What Does the Push to Public Cloud Mean for Financial Services?
The distinction between public and private cloud is one that CFOs will need to come to grips with as the sector becomes increasingly digitalised.
Simon Pamplin, technical director at Silver Peak, explores what public cloud is and what its implications are for financial services firms.
Adoption of cloud by financial institutions has risen dramatically over the past five to ten years. Yet this has largely been private cloud rather than the more flexible and scalable public cloud.
In January, however, European financial institutions formed the European Cloud User Coalition (ECUC) to drive public cloud adoption and ensure consistency and enforcement of security standards of cloud’s use. Allied Irish Bank, BAWAG Group, Belfius Bank, Commerzbank, Deutsche Börse, EFG Bank, Erste Group Bank, Euroclear, ING, KBC Bank, Swedbank and UniCredit have all signed up to the ECUC and are participating in the initiative.
This widespread push displays the desire for public cloud in the finance industry, and there are persuasive arguments for the transition from private to public. Although the desire is clearly there for greater use of public cloud, there are key factors that will determine the speed and success of this transition.
Public versus private: an industry ready to shift
The difference between public and private cloud is that, as the name suggests, private cloud is managed internally by an organisation – all the dedicated infrastructure, including the data centre, is managed by a single, owning organisation. Conversely, public cloud is offered to multiple companies by a public cloud provider that runs and maintains the supporting shared infrastructure.
That the finance industry has been cautious in its uptake of public cloud highlights the essential need for top security for banks and other financial service organisations. The industry in particular is subject to strict compliance legislation across Europe, and organisations may choose private clouds as a means to ensure they are indeed complying.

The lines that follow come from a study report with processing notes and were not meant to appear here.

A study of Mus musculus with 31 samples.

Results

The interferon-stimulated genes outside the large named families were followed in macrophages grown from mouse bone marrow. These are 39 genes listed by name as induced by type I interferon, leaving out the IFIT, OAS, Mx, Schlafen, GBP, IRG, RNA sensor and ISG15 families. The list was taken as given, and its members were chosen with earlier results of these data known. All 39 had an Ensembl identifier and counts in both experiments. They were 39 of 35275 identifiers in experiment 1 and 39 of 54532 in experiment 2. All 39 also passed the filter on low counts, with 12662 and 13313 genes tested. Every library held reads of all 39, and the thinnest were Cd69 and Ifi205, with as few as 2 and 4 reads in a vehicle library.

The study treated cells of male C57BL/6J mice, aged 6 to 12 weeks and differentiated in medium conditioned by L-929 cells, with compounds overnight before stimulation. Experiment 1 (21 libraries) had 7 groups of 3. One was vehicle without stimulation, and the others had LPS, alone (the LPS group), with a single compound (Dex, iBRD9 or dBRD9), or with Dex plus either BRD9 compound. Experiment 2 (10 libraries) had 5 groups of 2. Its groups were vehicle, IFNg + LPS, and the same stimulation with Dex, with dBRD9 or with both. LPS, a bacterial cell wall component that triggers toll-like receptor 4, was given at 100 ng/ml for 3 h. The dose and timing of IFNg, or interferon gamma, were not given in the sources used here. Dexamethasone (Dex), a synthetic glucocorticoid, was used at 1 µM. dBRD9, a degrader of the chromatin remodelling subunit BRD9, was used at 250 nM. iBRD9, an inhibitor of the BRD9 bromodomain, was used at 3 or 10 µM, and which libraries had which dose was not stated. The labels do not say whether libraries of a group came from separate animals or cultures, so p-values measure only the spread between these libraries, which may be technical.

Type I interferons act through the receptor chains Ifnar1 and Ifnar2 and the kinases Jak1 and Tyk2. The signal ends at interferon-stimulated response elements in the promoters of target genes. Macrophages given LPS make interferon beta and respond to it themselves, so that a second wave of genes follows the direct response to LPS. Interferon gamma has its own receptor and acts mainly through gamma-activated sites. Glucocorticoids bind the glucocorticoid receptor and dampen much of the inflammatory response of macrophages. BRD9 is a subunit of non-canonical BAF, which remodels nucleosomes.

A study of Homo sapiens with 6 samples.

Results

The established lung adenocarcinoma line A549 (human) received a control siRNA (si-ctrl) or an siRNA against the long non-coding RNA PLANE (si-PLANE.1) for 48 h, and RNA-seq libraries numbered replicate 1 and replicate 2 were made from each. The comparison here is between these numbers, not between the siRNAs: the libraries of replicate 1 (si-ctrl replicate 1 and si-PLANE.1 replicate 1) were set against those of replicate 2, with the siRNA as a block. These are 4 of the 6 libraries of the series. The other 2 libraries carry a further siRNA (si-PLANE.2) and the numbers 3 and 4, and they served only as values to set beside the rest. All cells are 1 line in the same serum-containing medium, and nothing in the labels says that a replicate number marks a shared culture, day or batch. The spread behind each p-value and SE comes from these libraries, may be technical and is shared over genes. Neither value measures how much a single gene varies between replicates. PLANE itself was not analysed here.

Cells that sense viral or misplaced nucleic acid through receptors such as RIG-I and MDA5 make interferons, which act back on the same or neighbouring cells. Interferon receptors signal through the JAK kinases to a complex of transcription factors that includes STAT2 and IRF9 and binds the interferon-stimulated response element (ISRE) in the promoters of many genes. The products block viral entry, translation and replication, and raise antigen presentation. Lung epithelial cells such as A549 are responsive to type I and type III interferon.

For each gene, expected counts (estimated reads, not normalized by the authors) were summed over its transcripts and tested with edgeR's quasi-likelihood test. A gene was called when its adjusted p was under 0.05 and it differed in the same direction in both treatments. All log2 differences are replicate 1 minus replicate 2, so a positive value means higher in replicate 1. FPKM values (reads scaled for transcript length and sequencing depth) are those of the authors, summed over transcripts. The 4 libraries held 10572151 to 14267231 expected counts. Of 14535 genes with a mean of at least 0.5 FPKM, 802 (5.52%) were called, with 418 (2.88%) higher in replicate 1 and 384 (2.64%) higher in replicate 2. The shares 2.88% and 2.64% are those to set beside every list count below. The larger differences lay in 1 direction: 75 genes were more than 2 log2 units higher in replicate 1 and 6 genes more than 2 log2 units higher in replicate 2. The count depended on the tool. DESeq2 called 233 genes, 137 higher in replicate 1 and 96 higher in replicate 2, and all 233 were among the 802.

Adoption of cloud by financial institutions has risen dramatically over the past five to ten years.
Another issue is that of vendor lock-in, as companies may worry of their complex cloud infrastructures being guaranteed by a single cloud provider – this reliance can hurt market competition, as it prevents companies easily switching between vendors.
It is these concerns that the ECUC seeks to address by defining and communicating what requirements have to be met in Europe for public cloud to become a feasible option for financial organisations. There are, after all, some clear benefits.
The first and foremost benefit of transitioning to public cloud is cost. Supporting cloud infrastructure is an expensive and labour-intensive process – smaller, newer organisations in the industry may find the possibility of private cloud beyond their resources, especially given the stringent cybersecurity standards that the financial world requires.
Adding to this, public cloud providers do offer a top rate service uniquely tailored for organisations – they are excellent at what they do, and a multitenancy business model allows them to allocate resources in a distilled and highly efficient manner. By delegating cloud to an expert third party, finance organisations free themselves from the operational headaches of enterprise IT administration.
The network must facilitate financial public cloud use
A key criterion for the use of public cloud is that when implemented, financial organisations can be sure their data is safe. However, the secure use of public cloud services lies in infrastructure and vitally the wide-area network (WAN).
Before the public cloud transformation in the industry can advance, organisations must transform their networking infrastructure. In essence, traditional WAN architectures have been obsoleted by the cloud, and private cloud security can only be guaranteed through advanced WAN solutions, such as an SD-WAN.
The drive towards public cloud will enable the financial industry to enjoy its full benefits – greater accessibility, lower cost, and increased market competition. However, first, coordination with European public cloud providers and transformation of the organisational network must be accomplished to assure success.